98 Seat of Moses, Mat.23:2
Sometimes a phrase represents a direct or concrete meaning. “Will you please polish that chair.” Everybody knows we are talking about something to sit upon.
Sometimes a phrase represents a symbolic or figurative meaning. “Sir, in court you may not speak directly to the judge, you have to address the chair.” Nobody will ever think one should speak to any chair, and not even to the person sitting in that chair per se, but to the judicial system and laws applicable in that state.
And sometimes a phrase has both meanings. “The Pope wears many hats.” We know that this phrase not only refers to the different head attire he wears, but also to the unique duties, honour and authority that is attached to that specific headgear.
Now the question is how one should translate a phrase in the Bible that is open to different meanings.
In Matthew 23:2 we have such a case. Until recently I was under the impression that this phrase had only a figurative meaning. Then I found photographs of the remains of many synagogues dating from the time of Jesus having an elaborately decorated “seat of Moses” next to the Torah Shrine. During a service, one rabbi would stand at the Torah Shrine and read the designated portion from the Torah. Then he or another rabbi would sit down in the Chair of Moses and explain and interpret that Scripture. Like the declaration of a king from his throne, this word was considered as binding and with absolute authority.
It is to this practise that Jesus was referring when he said: “The teachers of the law and the Pharisees sit in Moses’ seat.” (NIV) The BBE translates with the figurative meaning: “The scribes and the Pharisees have the authority of Moses.” The NLT makes the words of Jesus into a statement: “The teachers of religious law and the Pharisees are the official interpreters of the law of Moses.”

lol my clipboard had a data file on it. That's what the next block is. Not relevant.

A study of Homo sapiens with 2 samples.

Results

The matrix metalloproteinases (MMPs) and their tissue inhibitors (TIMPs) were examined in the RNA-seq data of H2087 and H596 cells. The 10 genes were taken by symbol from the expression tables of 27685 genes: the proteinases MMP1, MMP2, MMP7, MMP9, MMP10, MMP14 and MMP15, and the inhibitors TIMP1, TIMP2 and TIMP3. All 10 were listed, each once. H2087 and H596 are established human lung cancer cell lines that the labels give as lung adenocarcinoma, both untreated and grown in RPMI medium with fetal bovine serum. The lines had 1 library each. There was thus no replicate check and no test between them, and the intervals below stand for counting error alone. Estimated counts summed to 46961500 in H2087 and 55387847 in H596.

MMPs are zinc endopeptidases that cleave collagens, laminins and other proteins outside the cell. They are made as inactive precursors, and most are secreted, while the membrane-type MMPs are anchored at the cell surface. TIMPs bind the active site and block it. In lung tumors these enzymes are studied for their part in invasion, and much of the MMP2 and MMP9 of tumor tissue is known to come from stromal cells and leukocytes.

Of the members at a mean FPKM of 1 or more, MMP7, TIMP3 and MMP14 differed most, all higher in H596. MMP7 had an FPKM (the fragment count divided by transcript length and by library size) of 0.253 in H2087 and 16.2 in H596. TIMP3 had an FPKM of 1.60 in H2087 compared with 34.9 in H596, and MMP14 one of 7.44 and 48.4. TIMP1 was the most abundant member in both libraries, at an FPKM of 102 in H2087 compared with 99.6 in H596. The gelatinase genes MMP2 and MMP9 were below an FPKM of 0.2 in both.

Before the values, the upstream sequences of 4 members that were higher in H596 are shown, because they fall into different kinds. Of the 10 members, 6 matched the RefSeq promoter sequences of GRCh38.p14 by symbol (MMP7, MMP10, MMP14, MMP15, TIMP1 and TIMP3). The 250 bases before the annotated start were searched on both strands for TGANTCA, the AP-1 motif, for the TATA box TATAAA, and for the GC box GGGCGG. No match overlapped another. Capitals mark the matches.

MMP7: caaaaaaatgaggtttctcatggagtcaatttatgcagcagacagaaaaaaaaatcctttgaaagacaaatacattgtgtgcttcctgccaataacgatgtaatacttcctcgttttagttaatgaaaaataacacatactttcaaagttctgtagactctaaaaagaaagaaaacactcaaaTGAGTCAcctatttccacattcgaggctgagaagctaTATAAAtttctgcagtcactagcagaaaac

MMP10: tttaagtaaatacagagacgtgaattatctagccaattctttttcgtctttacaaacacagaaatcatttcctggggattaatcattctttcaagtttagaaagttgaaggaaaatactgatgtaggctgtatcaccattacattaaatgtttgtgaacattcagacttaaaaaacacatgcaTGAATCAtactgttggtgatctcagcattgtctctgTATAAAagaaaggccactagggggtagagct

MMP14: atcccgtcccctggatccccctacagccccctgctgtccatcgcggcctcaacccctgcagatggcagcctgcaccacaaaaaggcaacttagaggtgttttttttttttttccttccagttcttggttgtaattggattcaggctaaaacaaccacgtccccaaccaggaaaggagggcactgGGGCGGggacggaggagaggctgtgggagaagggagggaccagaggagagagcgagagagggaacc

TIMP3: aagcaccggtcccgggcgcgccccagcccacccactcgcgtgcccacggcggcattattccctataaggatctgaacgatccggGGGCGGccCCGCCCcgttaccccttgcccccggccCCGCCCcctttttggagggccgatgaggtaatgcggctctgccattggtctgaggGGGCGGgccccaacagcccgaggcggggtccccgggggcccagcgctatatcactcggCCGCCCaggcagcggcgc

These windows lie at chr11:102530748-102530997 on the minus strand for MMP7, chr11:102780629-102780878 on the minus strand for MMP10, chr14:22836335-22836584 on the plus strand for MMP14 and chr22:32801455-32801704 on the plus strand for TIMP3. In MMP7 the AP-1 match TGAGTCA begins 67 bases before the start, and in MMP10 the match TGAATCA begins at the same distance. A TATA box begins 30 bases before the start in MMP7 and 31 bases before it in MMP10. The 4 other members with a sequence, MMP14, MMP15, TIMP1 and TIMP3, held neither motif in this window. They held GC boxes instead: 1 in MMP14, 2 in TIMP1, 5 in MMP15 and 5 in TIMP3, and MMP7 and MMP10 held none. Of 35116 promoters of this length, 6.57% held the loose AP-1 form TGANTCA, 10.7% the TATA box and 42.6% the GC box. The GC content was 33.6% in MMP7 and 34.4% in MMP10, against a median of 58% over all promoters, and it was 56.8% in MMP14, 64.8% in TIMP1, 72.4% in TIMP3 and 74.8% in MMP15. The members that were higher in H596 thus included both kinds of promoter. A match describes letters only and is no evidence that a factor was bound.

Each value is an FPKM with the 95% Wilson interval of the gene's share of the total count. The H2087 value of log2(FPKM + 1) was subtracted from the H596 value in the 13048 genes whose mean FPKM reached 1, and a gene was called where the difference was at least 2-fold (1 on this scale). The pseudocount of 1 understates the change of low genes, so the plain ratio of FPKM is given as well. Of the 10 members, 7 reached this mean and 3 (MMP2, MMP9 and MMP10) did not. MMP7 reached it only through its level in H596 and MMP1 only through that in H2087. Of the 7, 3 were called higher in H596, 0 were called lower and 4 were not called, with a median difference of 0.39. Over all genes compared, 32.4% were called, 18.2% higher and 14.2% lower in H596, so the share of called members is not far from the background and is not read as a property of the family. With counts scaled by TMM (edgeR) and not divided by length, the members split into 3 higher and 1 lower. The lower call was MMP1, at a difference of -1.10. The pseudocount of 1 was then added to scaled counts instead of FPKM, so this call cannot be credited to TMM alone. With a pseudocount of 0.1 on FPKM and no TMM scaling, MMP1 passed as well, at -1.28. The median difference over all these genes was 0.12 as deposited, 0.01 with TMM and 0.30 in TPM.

When this phrase is just translated from the Greek, it could be understood as either referring to the physical chair in the synagogue, or to the figurative meaning, but it could also be understood in it’s double meaning. Yet what exactly did Jesus mean when He said that? This we have to discern by studying the context.
It was custom to stand while reading the Scriptures as Jesus himself did. (Luke 4:16) Yet in the synagogue the very person who would explain the Scripture just read, sat down in the actual seat destined for this purpose, called the “seat of Moses”. That is why all eyes were on Jesus and not on all the scribes gathered that day in Nazareth when He sat down to explain the Scriptures. (Luke 4:20)
When Jesus referred to the person sitting in the seat of Moses, He made a specific distinction between an explanation given by the scribe in person, and by him sitting in the seat of Moses where the other scribes were present to evaluate or correct his exegesis. That is why Jesus made a definite difference between what is said from the seat of Moses as having authority, and worthy of obedience. (Mat. 23:3) Yet what they do or say outside on the streets should be judged by their practice and conduct. Personal opinions not from the seat of Moses have no authority. (Mat 23:16-22) A judicial statement by an expert of law from the cathedra in a lecture room has a distinctly different outcome than the same statement by the same person from the bench in a court of law.
Jesus makes an unambiguous distinction between a declaration by a teacher of the law in person and of him from the seat of Moses. Therefore a translation with the un-interpreted words (KJV, NIV) should be preferred, rather than a translation open to the possible interpretation of teachers of the law having that authority per se. (BBE, NLT)
How would you translate if it were your responsibility?